Rob Carr/Getty Images

J.D. Martinez: “I’m not trying to hit a [freaking] line drive or a freaking ground ball.”

8 Comments

Travis Sawchik of FanGraphs has an interesting article up today in which he spoke with Tigers outfielder J.D. Martinez. Martinez, of course, has become one of baseball’s most feared hitters, especially after putting up an .879 OPS with 38 home runs in 2015. He used to be a weak, below-average hitter with only occasional power, but as Sawchik illustrates, Martinez made some mechanical changes that put a focus not on hitting line drives and ground balls, but on hitting the ball in the air.

People talk to me and I tell them straight up. I don’t bull[crap]. In the cage, I talk about it all the time. I’m not trying to hit a [freaking] line drive or a freaking ground ball. I’m trying to hit the ball in the air. I feel like the ball in the air is my strength and has a chance to go anywhere in the park. So why am I trying to hit a ground ball? That’s what I believe in.

The change happened when he was studying tape of then-teammate Jason Castro in 2013, who made the AL All-Star team. He later saw footage of Ryan Braun‘s swing and noticed the similarities it had with Castro’s swing. That made him dig into footage of other successful hitters like Mike Trout and Albert Pujols and he realized they were all trying to hit the ball in the air.

After the 2013 season, Martinez worked with a private hitting instructor who had also worked with Castro. As Martinez tells it, “We changed the whole foundation.” In his first season with the Tigers in 2014, Martinez broke out with a .912 OPS and 23 home runs in 480 PA. He repeated the performance and then some in ’15 and, of course, continued to swing a hot bat when he was healthy last year.

Martinez spoke about other hitters slowly catching onto the philosophy of hitting fly balls, not line drives or ground balls.

Hitting takes a while to catch up because of your old-school coaching, old-school mentality. Trying to hit down on the ball. Stuff like that. Once all that starts to go, I feel like the philosophies on hitting will trend forward. But everyone is so caught up on ‘I have to hire someone who has played in the big leagues because he knows what he’s talking about.’ But, to me, that’s not what it is about. It’s more about knowing your shit. You can tell when you talk to someone and they sit down there and they break it down and they show you every little move that the great hitters make and then the moves you make.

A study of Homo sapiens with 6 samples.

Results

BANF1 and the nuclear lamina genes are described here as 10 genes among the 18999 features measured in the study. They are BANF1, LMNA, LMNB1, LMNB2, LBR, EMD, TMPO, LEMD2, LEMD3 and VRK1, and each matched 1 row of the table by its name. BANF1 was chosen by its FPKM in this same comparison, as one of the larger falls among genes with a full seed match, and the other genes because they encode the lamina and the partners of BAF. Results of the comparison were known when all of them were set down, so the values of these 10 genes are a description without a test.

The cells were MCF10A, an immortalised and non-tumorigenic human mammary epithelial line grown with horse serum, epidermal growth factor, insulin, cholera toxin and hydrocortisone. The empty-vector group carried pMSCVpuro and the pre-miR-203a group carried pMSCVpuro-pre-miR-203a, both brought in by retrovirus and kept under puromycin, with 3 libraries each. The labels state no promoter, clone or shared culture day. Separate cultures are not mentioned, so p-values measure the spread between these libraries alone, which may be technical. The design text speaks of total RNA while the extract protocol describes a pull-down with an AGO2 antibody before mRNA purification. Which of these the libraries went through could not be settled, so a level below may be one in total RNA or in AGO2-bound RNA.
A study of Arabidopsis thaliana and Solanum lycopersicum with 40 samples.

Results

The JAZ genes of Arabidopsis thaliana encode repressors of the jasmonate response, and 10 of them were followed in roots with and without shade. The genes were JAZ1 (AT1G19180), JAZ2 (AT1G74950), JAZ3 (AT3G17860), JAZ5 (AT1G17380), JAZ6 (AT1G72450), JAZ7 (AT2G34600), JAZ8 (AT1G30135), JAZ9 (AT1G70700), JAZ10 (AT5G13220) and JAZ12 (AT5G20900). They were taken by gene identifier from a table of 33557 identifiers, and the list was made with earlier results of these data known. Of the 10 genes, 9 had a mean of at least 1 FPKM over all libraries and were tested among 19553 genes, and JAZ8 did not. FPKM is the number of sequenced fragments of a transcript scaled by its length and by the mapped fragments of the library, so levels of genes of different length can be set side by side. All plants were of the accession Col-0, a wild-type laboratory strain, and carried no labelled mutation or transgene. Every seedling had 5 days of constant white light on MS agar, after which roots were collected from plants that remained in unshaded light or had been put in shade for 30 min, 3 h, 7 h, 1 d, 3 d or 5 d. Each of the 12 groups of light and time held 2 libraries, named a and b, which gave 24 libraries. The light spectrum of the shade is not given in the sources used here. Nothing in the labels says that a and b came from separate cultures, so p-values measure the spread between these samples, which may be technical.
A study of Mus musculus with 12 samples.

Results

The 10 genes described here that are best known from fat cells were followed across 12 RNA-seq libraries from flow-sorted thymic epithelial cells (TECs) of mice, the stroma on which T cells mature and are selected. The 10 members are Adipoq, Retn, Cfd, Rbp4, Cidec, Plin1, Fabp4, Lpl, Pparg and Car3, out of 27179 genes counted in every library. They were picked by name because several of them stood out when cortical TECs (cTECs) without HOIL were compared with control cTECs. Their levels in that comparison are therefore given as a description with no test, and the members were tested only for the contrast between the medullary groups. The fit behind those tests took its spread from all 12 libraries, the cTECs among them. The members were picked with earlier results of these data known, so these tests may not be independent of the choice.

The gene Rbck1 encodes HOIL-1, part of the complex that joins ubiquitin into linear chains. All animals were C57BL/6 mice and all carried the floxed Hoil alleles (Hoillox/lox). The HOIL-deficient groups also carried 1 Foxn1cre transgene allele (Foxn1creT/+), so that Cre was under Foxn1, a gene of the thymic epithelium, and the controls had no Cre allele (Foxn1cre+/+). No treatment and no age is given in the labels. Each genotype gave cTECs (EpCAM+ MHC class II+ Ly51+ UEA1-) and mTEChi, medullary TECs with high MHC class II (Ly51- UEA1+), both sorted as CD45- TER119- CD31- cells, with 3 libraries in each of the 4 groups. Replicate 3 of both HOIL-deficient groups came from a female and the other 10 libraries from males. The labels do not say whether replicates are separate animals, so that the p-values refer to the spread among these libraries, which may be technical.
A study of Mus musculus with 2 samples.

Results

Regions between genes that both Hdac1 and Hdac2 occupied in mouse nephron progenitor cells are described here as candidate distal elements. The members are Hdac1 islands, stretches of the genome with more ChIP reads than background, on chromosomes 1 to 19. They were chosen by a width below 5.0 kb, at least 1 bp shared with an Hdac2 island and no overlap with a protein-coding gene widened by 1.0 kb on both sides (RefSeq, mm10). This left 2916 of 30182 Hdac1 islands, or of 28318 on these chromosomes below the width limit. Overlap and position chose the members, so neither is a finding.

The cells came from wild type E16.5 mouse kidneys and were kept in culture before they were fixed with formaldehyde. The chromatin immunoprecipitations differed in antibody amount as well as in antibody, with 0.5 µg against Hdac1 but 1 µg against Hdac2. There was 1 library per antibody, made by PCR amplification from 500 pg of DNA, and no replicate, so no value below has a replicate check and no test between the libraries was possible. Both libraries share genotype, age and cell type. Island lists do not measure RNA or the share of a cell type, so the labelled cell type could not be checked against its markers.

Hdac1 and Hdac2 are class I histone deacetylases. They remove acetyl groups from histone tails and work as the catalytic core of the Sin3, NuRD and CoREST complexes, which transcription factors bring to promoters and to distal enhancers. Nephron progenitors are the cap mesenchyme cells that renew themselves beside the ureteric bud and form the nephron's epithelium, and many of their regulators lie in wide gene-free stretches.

As Sawchik notes, there are still hitters who haven’t bought in yet. Twins outfielder Max Kepler, who hit .235 with 17 homers last year, said the philosophy is “completely bogus.” He added, “Whenever I’m in doubt, I try to hit long ground balls to level my swing back out. I’m the opposite of what I hear people saying nowadays.”

Sawchik’s entire column is worth a read, so go check it out at FanGraphs.

Javier Baez, D.J. LeMahieu have disagreement about sign-stealing

Jonathan Daniel/Getty Images
16 Comments

Fellow second basemen Javier Baez of the Cubs and D.J. LeMahieu of the Rockies got into a disagreement in the top of the third inning of Sunday’s game at Coors Field over sign-stealing.

LeMahieu reached on a fielder’s choice ground out, then advanced to second base on Charlie Blackmon‘s single. While Nolan Arenado and Trevor Story were batting, Baez was concerned that LeMahieu was relaying the Cubs’ signs to his teammates. Baez decided to stand in front of LeMahieu to block any information he might have been giving to Arenado and Story. LeMahieu got irritated and the two jawed at each other for a bit. Umpires Vic Carapazza and Greg Gibson had to intervene to tell Baez to knock it off.

There has always been a back-and-forth with alleged sign-stealing. As long as teams aren’t using technology to steal signs, it’s fair game for players to relay information to their teammates about the opposing team’s signs. Last year, MLB determined the Red Sox went against the rules and used technology — an Apple watch in this case — to steal signs from the Yankees. Other teams in the past have been accused of using binoculars from the bullpen to steal signs. In this particular case with Baez and LeMahieu, there was no foul play going on, just Baez trying to make the Rockies cede what he perceived to be their slight competitive advantage.

The Cubs went on to beat the Rockies 9-7 on Sunday.